I never had a hearing problem until schizophrenia surfaced in my life. Medically, my ears were completely functional.
One day, I heard knocking sounds from my front door. My instinct was to ignore it, just like how I listened to all the talking that weekend without moving a muscle. I had learned to do this – staying perfectly still while the voices went on and on.
Another knock. “Oh, wait, is that someone at my door?” I looked at where the sound was coming from and decided to check it. I opened the door, and it was a girlfriend who came to visit unplanned. I couldn’t believe how I responded to the knocking sounds. That was a hint that something in me was not quite right.
Schizophrenia is a disease of the brain. For me, it affected my hearing, feeling, and thinking. I heard voices talking without seeing anyone in my apartment. I felt poking on different parts of my skin. I thought there was someone serenading songs to me in a supermarket. I lived in a “reality” mixed with real life and schizophrenia.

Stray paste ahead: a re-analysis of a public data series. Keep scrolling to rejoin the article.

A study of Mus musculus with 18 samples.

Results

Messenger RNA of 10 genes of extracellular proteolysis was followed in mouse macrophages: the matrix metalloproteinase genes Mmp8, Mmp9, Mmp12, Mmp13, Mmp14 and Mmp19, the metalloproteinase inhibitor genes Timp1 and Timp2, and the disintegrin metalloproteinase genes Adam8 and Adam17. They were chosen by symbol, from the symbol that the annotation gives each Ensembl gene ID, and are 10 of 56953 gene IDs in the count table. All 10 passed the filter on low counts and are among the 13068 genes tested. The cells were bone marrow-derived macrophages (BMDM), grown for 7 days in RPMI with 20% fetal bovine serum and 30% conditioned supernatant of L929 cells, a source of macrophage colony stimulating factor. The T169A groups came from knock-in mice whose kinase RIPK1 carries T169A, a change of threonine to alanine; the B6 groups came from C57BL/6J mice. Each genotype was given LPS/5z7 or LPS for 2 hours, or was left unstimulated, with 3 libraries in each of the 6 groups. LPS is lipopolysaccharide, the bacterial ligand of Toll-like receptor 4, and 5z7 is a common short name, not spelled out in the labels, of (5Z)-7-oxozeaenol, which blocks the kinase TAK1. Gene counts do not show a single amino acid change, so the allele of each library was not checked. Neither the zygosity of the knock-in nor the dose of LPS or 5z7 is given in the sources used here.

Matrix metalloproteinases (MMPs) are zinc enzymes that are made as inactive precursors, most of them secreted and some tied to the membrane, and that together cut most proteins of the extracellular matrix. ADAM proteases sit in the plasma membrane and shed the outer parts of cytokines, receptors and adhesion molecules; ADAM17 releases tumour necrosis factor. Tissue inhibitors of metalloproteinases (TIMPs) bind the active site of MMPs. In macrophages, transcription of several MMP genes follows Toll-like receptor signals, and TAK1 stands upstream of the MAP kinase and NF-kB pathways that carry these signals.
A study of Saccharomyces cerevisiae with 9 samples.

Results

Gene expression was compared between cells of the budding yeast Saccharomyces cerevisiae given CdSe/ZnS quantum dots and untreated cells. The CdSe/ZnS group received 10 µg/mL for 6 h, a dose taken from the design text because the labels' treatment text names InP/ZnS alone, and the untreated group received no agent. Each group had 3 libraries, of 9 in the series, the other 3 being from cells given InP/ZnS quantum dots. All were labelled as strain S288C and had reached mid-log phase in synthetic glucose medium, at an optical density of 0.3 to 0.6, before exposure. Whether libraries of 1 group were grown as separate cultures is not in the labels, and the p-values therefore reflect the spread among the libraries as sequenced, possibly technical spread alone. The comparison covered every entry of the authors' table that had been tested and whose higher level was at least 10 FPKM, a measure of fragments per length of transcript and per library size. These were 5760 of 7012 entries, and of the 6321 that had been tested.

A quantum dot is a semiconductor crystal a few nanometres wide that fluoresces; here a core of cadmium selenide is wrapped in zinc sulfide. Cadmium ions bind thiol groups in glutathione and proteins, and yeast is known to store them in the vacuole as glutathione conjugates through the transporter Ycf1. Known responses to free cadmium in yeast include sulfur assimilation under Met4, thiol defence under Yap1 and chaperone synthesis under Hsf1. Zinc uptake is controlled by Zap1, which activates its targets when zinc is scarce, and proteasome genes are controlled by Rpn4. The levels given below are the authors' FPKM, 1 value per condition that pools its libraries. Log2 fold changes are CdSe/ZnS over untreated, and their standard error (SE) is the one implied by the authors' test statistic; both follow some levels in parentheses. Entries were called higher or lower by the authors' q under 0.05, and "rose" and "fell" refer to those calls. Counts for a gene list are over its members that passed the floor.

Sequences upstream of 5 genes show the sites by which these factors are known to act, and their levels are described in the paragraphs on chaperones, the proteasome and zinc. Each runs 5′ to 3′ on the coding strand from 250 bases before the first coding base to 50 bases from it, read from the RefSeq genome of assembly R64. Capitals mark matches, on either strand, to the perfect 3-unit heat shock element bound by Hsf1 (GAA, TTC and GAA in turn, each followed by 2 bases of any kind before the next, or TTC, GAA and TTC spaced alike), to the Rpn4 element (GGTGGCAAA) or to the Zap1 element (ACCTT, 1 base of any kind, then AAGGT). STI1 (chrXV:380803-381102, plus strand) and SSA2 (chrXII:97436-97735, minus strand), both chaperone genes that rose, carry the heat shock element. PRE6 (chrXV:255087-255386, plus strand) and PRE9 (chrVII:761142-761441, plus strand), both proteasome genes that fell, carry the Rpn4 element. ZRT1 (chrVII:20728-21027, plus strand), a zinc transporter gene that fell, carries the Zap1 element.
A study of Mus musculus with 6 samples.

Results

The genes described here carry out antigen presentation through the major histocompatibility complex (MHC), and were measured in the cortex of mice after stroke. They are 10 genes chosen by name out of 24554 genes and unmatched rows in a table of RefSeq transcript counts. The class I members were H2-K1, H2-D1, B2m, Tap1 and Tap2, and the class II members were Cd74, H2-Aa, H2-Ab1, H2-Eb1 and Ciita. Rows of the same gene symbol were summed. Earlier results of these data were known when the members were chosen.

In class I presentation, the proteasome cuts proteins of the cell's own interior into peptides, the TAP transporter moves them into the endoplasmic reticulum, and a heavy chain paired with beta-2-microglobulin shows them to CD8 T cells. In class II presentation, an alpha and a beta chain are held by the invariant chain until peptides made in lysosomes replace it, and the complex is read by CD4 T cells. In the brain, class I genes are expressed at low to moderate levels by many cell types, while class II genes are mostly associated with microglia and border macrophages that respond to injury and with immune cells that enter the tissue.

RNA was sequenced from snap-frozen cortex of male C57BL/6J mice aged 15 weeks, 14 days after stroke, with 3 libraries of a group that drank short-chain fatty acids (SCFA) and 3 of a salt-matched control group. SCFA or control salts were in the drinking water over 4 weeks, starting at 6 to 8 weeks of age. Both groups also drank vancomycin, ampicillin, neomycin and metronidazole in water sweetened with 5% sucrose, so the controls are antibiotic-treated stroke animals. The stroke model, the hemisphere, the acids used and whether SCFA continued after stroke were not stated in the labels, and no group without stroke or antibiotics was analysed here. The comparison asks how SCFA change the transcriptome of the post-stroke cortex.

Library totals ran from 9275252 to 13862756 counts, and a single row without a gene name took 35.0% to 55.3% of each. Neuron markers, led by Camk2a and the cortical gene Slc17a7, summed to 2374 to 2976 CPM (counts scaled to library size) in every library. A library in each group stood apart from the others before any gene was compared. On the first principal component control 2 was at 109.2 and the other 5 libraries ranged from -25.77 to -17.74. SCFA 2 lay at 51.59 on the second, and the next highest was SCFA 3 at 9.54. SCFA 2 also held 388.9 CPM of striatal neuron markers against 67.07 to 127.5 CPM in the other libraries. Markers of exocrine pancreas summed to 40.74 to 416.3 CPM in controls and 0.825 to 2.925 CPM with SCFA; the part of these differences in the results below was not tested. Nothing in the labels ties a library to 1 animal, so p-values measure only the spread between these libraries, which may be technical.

Like all human beings, I adapted to living with these new voices, sensations, and thoughts. I had no reason to question myself, what I heard, or thought. I had trusted myself for 30 years, my ears, skin, and mind. Why would I stop all of a sudden? So I believed in all that I had experienced. All were real to me. I reasoned with this hybrid reality. “What is he saying? Why is he saying it to me? What does he want from me?” Real reality sometimes caused as much anxiety as the imagined ones. My close friends saw me change into a quiet and reserved person watching things going by me, while so much was going on in my head.
As much as I tried, I couldn’t make sense of my “hybrid reality,” but I continued to believe that I could figure this out if I thought hard enough. I wanted to solve this problem – this situation I was facing. But “my world” didn’t always make sense anymore, even though I was as sensible as ever.
Finally, a friend told me urgently, “Mindy, you can’t think yourself out of this one.” As I tried to argue with him, I found myself not making sense. I realized that as logical as I was, I couldn’t fix this, whatever it was, on my own.
Learning that schizophrenia was not something I could conquer with logic, even though that had worked for every other challenge in my life, I gave up control and asked for the right help.